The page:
Yogi Berra famously said, “It’s not over till it’s over.”
The state Legislature will meet for at least 104 more days, but one wonders if the centerpieces of Gov. Jay Inslee’s budget are already done with.
Republicans in the state Senate got Job 1 done on Day 1, Monday, Jan. 12, approving a procedural rule that requires a two-thirds vote of the Senate to bring any new tax to the floor for a final vote.
The rule would apply to an attempt by Democrats to create a new tax — say, a carbon tax, a capital-gains tax or an income tax (not really on the table). It wouldn’t apply to a proposal to raise an existing tax, e.g. sales or gas.
Inslee’s budget calls for $1.515 billion in new revenue for 2015-17, including $798 million from a capital-gains tax and $379 million from a cap-and-trade requirement for the state’s largest producers of carbon dioxide and other greenhouse gases.
With this procedural move, Senate Republicans found a way to set a higher bar for tax votes, getting around a 2013 state Supreme Court ruling stating that a law requiring a two-thirds vote for taxes was unconstitutional, and only a constitutional amendment could make that happen.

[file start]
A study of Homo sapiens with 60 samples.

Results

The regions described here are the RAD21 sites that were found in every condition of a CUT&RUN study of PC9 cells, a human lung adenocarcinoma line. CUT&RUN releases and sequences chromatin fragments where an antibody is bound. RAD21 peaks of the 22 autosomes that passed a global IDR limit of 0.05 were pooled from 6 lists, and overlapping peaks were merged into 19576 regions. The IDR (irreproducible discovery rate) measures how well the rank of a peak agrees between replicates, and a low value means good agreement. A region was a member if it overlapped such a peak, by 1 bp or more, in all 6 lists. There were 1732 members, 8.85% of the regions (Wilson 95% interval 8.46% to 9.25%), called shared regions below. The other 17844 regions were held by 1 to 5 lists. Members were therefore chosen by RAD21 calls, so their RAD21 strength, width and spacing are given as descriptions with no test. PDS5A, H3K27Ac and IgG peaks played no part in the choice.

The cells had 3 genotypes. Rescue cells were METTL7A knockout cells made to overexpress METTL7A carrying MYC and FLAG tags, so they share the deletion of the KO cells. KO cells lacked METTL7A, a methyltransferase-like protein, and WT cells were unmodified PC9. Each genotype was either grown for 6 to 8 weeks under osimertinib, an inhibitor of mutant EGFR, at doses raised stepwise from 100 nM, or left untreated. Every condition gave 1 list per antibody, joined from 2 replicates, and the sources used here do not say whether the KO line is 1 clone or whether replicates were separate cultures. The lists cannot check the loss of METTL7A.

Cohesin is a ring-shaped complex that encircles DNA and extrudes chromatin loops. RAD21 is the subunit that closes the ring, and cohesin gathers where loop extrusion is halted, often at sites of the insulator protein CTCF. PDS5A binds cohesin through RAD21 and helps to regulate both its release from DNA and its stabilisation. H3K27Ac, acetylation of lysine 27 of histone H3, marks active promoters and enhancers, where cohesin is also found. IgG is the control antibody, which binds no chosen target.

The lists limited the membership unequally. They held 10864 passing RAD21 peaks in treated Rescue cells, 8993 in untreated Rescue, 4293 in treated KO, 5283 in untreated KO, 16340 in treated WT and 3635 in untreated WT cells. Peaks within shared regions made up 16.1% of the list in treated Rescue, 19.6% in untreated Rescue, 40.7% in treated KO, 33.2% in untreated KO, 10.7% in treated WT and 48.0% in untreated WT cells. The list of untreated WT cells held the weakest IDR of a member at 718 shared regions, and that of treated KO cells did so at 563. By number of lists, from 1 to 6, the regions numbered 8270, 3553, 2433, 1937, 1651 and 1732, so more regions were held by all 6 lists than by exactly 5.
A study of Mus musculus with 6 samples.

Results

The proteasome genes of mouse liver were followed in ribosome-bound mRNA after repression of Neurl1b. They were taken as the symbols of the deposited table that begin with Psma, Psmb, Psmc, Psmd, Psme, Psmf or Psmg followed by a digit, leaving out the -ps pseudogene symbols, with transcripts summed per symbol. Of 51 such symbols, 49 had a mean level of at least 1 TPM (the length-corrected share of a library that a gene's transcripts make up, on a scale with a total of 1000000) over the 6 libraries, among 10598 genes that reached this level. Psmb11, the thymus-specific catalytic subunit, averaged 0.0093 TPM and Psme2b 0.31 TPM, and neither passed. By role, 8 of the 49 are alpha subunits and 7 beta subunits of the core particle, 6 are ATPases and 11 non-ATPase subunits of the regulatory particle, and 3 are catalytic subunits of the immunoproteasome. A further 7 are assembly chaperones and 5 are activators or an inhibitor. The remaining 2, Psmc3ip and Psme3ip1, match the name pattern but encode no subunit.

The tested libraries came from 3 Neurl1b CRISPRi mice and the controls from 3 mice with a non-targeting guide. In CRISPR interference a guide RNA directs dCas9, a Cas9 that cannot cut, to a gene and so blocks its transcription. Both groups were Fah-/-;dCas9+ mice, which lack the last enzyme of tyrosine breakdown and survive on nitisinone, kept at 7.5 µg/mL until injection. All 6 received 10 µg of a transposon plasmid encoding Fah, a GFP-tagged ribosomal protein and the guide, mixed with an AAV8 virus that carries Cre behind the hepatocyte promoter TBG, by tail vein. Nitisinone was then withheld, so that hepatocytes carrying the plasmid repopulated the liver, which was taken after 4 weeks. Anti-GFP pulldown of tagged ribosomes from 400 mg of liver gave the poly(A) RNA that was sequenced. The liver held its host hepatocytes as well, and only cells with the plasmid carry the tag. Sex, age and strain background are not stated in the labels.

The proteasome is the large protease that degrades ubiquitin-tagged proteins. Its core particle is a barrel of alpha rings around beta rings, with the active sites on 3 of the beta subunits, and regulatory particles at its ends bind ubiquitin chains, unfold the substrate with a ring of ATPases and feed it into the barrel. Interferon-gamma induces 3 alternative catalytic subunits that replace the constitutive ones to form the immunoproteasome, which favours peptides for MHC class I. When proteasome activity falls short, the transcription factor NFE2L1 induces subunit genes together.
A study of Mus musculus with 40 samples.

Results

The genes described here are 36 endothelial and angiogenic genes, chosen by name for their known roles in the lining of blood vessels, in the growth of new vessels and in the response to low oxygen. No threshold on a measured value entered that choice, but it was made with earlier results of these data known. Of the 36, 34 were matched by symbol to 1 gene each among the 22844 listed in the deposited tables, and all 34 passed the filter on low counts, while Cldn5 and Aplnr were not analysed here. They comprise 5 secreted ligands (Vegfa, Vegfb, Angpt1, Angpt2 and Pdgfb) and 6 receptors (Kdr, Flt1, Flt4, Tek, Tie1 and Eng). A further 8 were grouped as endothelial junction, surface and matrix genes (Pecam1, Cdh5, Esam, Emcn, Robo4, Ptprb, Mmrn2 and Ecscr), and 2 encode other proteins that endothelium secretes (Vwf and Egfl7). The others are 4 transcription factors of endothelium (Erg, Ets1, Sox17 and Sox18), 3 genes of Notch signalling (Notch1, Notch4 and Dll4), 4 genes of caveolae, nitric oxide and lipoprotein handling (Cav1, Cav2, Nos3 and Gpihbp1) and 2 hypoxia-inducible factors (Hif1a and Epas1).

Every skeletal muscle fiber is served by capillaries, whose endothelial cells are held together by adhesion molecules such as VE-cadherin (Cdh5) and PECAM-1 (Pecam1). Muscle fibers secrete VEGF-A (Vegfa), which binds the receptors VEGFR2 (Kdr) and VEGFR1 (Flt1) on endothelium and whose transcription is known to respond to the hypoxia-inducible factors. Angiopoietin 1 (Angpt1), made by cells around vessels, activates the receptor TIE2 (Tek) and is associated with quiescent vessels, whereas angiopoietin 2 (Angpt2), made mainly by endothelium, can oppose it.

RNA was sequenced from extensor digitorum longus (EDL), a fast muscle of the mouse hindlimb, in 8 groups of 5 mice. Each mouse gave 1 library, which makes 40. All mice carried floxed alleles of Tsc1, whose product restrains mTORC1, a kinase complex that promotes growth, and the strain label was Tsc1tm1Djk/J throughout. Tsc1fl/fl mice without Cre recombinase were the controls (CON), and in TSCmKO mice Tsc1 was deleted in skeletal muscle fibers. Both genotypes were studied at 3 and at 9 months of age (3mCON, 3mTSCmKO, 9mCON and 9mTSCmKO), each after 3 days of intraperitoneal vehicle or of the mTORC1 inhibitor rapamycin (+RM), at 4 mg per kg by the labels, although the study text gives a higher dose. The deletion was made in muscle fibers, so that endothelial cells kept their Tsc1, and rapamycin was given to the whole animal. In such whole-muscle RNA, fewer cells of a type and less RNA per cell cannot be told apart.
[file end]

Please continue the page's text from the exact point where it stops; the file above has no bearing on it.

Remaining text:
Santos heard from Lt. Gov. Brad Owen, a Democrat who presides over the Senate, who said he might challenge the two-thirds requirement.
From the story:
“(Sen. David) Frockt (D-Seattle) said he expects that members of his party will challenge the Senate’s new two-thirds rule as soon as they have an opportunity, or whenever a new tax measure comes up for a vote this year.
“If that happens, Democratic Lt. Gov. Brad Owen – who presides over the Senate – would make a ruling as to how many votes are required to pass the legislation at hand.
“Owen said Monday that if a challenge to the two-thirds rule is presented, he will follow what is laid out in the state constitution. In its 2013 ruling, the Supreme Court said the constitution is clear in saying that only a simple majority of lawmakers – or 50 percent plus 1 – is necessary to pass regular legislation, including tax bills. Exceptions are made only in special cases, such as passing bonds and constitutional amendments.
“‘A (Senate) rule can never supersede or nullify the constitution,’ Owen said Monday.”
I discussed this a little with Santos this evening. She hinted at what a possible challenge by Owen could look like, and what the Senate Republicans might be able to do in response. Suffice to say this wasn’t a clear victory for Republicans, nor do Dems have a straightforward way to block the new two-thirds rule.
I texted a co-author of the Senate’s two-thirds rule, Sen. Doug Ericksen, R-Ferndale, to get his take on Owen’s statement:
Me: TNT is reporting Brad Owen can overrule 2/3 rule and make final ruling on how many votes required to pass legislation. Do you agree? Can Owen undermine the 2/3 rule?
We’ll see in the next 104 days or so.